Vickerman calls it a day
Vickerman calls it a daySHARE
Veteran Wallabies and Waratahs lock Dan Vickerman has finally called time on his career after an extended injury battle.
Following a return to the Test arena last year, his first since the 2008 Tri Nations campaign, the 63-Test Vickerman has been unable to return to the field in 2012 sidelined by a stress fracture in his rights tibia.
His decision to retire from all forms of the game comes after a lengthy and ultimately unsuccessful rehabilitation period that has seen him, working with the Waratahs and Wallabies’ medical teams, exhaust all possible surgical and non-surgical treatment options, including the insertion and removal of a metal rod from his lower leg.
"Having battled injury for the last while, it is disappointing that I have to call it a day on my playing days," Vickerman said. "But in saying that I have been extremely fortunate throughout my career to have played for the teams I have.
"To have had the privilege to represent my country is something I have never taken for granted and each game I have played in has been special," he added.
"I would like to thank all involved at Sydney University Rugby Club where it started for me in 1999, and those at the Brumbies, Waratahs and Wallabies.
"Rugby is a game in which you never stop learning and all the coaches and strength and conditioning team members I have had throughout my career have been fantastic to work with, so for that I would like to thank them all.
"The medical staff that have helped me over the years, in particular this year with the injury I have had, are owed a massive thank you. I would also like to thank all of the management and media staff for all their help off the field which certainly makes the job of preparing to play a lot easier," said Vickerman.
The South African born Vickerman who went to school at Bishops in Cape Town began his international career in Under-19 Springbok colours in 1999 before a move to Australia saw him selected in the Australian U21 side in 2000.
The 203cm lock made his Super Rugby debut for the Brumbies a year later in 2001 against the Sharks and went on to represent the men from Canberra on 33 occasions between 2001 and 2003.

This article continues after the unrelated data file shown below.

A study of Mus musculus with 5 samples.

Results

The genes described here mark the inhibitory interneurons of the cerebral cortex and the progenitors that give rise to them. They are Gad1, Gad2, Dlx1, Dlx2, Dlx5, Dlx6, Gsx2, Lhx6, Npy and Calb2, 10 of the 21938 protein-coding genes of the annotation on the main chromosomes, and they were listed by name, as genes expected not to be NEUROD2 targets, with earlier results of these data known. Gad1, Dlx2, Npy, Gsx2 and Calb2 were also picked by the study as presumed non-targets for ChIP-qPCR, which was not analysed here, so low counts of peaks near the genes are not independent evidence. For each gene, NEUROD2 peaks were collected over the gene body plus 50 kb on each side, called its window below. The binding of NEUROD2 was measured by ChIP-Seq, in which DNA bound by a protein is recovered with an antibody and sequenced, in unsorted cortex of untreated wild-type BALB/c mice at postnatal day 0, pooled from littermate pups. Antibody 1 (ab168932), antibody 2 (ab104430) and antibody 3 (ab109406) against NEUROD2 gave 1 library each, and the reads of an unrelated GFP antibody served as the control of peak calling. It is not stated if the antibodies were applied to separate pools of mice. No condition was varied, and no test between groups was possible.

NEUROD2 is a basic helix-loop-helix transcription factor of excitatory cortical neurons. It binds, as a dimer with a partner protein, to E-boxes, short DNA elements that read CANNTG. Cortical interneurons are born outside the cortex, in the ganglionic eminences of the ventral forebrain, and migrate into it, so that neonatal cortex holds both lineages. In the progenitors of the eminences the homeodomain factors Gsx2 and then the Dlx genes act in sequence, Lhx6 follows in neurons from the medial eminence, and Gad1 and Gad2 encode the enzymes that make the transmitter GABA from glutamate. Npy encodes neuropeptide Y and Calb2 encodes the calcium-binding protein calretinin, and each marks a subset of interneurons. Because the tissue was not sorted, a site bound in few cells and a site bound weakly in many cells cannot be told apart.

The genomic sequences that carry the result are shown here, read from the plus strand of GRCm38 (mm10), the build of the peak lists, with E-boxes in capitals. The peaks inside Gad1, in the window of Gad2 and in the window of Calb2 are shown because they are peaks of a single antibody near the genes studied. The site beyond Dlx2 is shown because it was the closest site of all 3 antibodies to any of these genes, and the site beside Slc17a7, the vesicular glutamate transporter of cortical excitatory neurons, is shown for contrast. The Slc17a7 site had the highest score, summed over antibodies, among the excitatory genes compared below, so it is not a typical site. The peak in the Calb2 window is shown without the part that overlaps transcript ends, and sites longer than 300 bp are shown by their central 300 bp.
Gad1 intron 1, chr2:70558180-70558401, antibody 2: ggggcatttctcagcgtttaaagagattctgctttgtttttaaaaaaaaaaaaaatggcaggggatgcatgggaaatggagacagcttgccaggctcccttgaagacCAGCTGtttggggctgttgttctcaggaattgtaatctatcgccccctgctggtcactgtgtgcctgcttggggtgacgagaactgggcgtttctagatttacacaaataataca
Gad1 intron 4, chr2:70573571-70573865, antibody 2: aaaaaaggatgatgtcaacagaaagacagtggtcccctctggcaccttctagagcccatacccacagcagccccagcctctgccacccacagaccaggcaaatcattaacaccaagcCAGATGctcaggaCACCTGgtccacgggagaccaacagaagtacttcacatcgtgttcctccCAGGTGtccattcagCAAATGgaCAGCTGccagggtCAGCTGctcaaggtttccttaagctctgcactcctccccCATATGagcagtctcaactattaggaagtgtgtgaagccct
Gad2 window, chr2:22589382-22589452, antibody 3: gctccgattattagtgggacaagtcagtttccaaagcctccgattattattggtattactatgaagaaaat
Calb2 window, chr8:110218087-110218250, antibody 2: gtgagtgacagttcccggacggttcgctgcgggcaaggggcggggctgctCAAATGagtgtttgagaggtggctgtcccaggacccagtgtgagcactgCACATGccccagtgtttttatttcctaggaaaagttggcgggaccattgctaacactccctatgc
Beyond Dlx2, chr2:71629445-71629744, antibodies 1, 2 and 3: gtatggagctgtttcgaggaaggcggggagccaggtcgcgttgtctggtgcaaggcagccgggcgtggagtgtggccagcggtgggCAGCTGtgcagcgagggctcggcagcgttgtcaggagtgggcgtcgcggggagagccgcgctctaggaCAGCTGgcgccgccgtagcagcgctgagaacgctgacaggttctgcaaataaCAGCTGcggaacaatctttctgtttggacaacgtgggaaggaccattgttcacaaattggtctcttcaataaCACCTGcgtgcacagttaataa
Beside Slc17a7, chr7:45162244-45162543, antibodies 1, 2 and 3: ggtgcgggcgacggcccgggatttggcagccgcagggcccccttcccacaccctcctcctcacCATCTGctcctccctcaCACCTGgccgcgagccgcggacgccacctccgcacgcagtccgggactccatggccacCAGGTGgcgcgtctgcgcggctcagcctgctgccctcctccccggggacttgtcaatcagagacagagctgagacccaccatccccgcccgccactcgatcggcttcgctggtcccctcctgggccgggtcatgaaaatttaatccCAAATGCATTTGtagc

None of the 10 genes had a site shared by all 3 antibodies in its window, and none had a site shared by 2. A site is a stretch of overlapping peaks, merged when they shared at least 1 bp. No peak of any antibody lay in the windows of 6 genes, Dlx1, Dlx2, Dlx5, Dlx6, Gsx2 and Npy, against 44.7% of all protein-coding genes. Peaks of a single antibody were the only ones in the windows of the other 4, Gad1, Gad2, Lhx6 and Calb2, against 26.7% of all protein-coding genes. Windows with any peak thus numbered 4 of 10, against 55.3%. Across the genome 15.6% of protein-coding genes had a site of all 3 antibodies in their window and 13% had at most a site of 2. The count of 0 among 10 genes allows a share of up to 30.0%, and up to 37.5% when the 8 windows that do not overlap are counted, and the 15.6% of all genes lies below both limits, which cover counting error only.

During his second year at the Brumbies, Vickerman was selected for the Wallabies squad during the June Test series against France, making his debut from the bench in the second Test, which Australia won 31-25.
Vickerman missed out on the ensuing 2002 Bledisloe Cup Series, which Australia won.
However he returned for a Test against Argentina in Buenos Aires later that year where he secured his second Test cap with his first run on appearance in the Gold jersey.
In 2004 Vickerman joined the Waratahs where he accrued 11 caps in his first season before helping the New South Wales side to a Super Rugby Finals appearance in 2005.
Following the 2008 Tri Nations and after 55 Tests for the Wallabies, including two World Cup appearances in 2003 and 2007, and 51 Super Rugby caps between the Brumbies and the Waratahs, Vickerman moved to England to pursue his studies at Cambridge University.
After three years away from Australia Vickerman returned to the Waratahs and the Wallabies squads last year, earning a further two Super Rugby caps and eight Tests caps.
After making his Test return against Samoa, he featured in the Wallabies’ first Tri Nations title for 10 years, making his first two starts in the Tests against New Zealand.
Vickerman also ventured across the Tasman for his third World Cup campaign, where he featured in five games during the New Zealand campaign.
Paying tribute to the hard-nosed, aggressive lock, Wallabies coach Robbie Deans said VIckerman's achievement in returning last year, after a three-year gap between Tests, was remarkable.
"To be able to get himself back into shape – both physically and mentally – in order to compete against the best players in the world, was an insight into his character and his dedication," Deans said.
"It was particularly impressive considering he had completely stepped out of the game in order to prepare for his life beyond rugby. Nor did he let either himself or Australia down.
"He was a big factor in Australia's first Tri Nations tournament success for a decade.
"As a player, Dan is an uncompromising competitor who sets high standards for himself, and demands the same of those around him.
"He commands enormous respect, from team-mates and opponents alike, which says a lot about the man. It is a huge shame that he has been cut short by injury when he still had so much to offer," he added.